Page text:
What a crazy, mixed-up movie! Rich man Robert Montgomery is a kindly dipsomaniac in love with rich girl Norma Shearer (I assume they're independently wealthy - are they ever shown working a job?), but Shearer is instead lollygagging about with a handsome but caddish, globe traveling news correspondent (played by future Commissioner Gordon Neil Hamilton).
Hamilton leads her on, lies to her, then leaves her to travel her own way back from Mexico! Spurned Shearer then does what nearly every spurned woman did in MGM films of this period: she sleeps her way across Europe with one aristocrat after another, natch!
To add to the confusion of the viewer (if not the characters), Shearer goes back to the untrustworthy worm in the last scene (all he does is glare at her and she's his) while Montgomery feebly and complacently looks forward to his next drink. The end.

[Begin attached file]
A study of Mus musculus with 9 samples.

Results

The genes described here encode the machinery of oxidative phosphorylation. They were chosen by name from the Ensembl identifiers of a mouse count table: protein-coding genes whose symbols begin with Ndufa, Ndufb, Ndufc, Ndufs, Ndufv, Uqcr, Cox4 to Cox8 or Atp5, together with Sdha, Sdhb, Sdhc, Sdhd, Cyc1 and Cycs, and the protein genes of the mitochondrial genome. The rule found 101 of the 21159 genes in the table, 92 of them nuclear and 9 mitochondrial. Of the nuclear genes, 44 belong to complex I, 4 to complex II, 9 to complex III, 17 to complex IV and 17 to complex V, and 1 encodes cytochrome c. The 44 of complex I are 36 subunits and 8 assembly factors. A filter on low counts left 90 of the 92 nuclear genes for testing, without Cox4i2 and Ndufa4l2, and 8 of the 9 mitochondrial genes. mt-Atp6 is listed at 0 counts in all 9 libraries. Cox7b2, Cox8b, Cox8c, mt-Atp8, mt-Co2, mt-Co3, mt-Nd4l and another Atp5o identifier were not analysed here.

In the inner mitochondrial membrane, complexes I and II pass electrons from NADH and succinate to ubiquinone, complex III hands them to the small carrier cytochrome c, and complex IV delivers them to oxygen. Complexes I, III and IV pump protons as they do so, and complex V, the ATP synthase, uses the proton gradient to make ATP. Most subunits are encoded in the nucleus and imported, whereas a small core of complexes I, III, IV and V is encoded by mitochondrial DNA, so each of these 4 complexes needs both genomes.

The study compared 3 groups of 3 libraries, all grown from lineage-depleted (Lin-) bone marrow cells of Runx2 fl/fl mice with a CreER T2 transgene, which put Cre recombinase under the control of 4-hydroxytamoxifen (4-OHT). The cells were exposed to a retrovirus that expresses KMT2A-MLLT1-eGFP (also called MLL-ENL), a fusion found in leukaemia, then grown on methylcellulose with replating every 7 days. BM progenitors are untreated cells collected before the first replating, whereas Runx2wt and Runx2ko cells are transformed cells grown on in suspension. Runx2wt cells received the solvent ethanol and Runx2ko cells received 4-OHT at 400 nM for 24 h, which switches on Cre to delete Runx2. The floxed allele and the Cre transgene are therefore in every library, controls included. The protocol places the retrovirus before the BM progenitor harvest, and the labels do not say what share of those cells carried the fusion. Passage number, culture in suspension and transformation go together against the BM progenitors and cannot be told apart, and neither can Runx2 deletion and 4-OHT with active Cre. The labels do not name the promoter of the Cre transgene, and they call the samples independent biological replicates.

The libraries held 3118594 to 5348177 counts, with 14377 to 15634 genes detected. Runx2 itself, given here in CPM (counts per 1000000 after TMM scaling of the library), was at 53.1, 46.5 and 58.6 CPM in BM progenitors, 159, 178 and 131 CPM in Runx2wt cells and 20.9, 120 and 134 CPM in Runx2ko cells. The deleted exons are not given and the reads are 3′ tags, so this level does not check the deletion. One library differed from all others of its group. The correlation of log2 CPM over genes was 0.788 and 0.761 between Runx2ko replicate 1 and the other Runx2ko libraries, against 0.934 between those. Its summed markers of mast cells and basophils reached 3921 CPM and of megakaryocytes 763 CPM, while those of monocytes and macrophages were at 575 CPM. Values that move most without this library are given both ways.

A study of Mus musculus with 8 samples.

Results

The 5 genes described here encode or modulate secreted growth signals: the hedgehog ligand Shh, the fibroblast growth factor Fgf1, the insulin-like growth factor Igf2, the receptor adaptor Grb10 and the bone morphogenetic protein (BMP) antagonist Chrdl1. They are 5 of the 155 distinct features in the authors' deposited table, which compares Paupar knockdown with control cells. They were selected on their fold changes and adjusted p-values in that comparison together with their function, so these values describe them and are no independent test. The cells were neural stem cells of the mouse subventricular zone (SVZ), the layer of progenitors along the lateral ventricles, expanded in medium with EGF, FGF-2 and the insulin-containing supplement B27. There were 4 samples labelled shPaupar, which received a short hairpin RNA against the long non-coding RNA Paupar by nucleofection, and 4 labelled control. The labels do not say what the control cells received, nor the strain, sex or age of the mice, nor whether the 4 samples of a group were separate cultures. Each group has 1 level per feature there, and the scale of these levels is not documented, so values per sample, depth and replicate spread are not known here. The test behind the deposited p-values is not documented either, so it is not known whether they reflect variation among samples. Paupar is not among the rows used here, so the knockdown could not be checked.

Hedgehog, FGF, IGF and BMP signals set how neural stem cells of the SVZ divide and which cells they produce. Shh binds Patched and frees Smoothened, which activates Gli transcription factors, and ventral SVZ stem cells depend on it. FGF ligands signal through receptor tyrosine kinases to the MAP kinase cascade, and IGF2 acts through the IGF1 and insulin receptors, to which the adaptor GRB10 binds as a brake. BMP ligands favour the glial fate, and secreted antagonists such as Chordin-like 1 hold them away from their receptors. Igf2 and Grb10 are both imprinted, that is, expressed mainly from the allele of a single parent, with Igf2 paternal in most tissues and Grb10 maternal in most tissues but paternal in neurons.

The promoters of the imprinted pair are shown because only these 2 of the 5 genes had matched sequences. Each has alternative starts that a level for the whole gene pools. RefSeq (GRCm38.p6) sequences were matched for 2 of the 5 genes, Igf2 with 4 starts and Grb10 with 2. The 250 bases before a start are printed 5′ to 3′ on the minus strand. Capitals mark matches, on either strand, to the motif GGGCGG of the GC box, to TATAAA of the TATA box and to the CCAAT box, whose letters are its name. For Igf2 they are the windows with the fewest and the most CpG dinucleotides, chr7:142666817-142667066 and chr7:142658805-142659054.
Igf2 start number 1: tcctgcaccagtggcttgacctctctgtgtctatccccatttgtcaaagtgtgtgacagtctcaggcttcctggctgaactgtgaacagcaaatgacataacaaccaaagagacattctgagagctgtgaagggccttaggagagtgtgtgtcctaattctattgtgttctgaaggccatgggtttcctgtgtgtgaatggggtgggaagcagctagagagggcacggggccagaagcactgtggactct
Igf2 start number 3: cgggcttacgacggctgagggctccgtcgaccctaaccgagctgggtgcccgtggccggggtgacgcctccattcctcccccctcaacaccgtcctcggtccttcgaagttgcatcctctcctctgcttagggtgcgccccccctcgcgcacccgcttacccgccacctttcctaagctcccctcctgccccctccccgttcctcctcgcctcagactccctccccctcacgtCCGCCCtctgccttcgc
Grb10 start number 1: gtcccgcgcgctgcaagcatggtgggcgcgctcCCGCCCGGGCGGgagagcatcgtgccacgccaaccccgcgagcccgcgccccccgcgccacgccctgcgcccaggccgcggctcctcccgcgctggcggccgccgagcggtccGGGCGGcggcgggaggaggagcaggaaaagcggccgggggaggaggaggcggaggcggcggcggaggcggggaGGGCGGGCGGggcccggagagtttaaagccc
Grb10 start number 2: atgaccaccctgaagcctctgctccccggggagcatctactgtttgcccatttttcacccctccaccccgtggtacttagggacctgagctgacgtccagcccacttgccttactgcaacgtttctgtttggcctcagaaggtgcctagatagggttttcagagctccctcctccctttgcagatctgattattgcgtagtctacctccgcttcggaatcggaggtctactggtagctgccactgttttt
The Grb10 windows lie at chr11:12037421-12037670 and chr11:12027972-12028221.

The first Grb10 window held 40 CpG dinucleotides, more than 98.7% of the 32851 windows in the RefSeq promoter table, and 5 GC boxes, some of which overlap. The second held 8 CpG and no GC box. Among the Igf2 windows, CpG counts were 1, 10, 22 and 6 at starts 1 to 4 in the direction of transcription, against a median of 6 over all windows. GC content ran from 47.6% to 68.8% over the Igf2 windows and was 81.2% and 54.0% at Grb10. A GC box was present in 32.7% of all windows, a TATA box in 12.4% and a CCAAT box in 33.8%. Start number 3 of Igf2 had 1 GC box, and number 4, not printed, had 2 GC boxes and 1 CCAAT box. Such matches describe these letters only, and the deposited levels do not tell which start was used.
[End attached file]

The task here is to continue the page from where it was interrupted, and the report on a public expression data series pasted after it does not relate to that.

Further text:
Mick LaSalle, in his fine book on women in pre-code movies, Complicated Women, extols Strangers May Kiss as an adventurous "pop-feminist document", far ahead of its time.This is probably true, though it is noteworthy that none of the characters in the film seem particularly happy about their situations or choices; if the film is a feminist document, it's perhaps prescient in that regard, too.
The usual MGM slickness is in the house with stunning art deco sets and gorgeous gowns (though the movie is hampered by some very poor editing). The greatest actors and sets in the world won't help, though, if you find the characters absurd, unlikable, or nuts. Complexly amoral characters were frequent in pre-code movies, but what worked in Norma Shearer films like The Divorcee and A Free Soul just ain't working here.
Strangers May Kiss isn't available on DVD or VHS, but has been broadcast on Turner Classic Movies.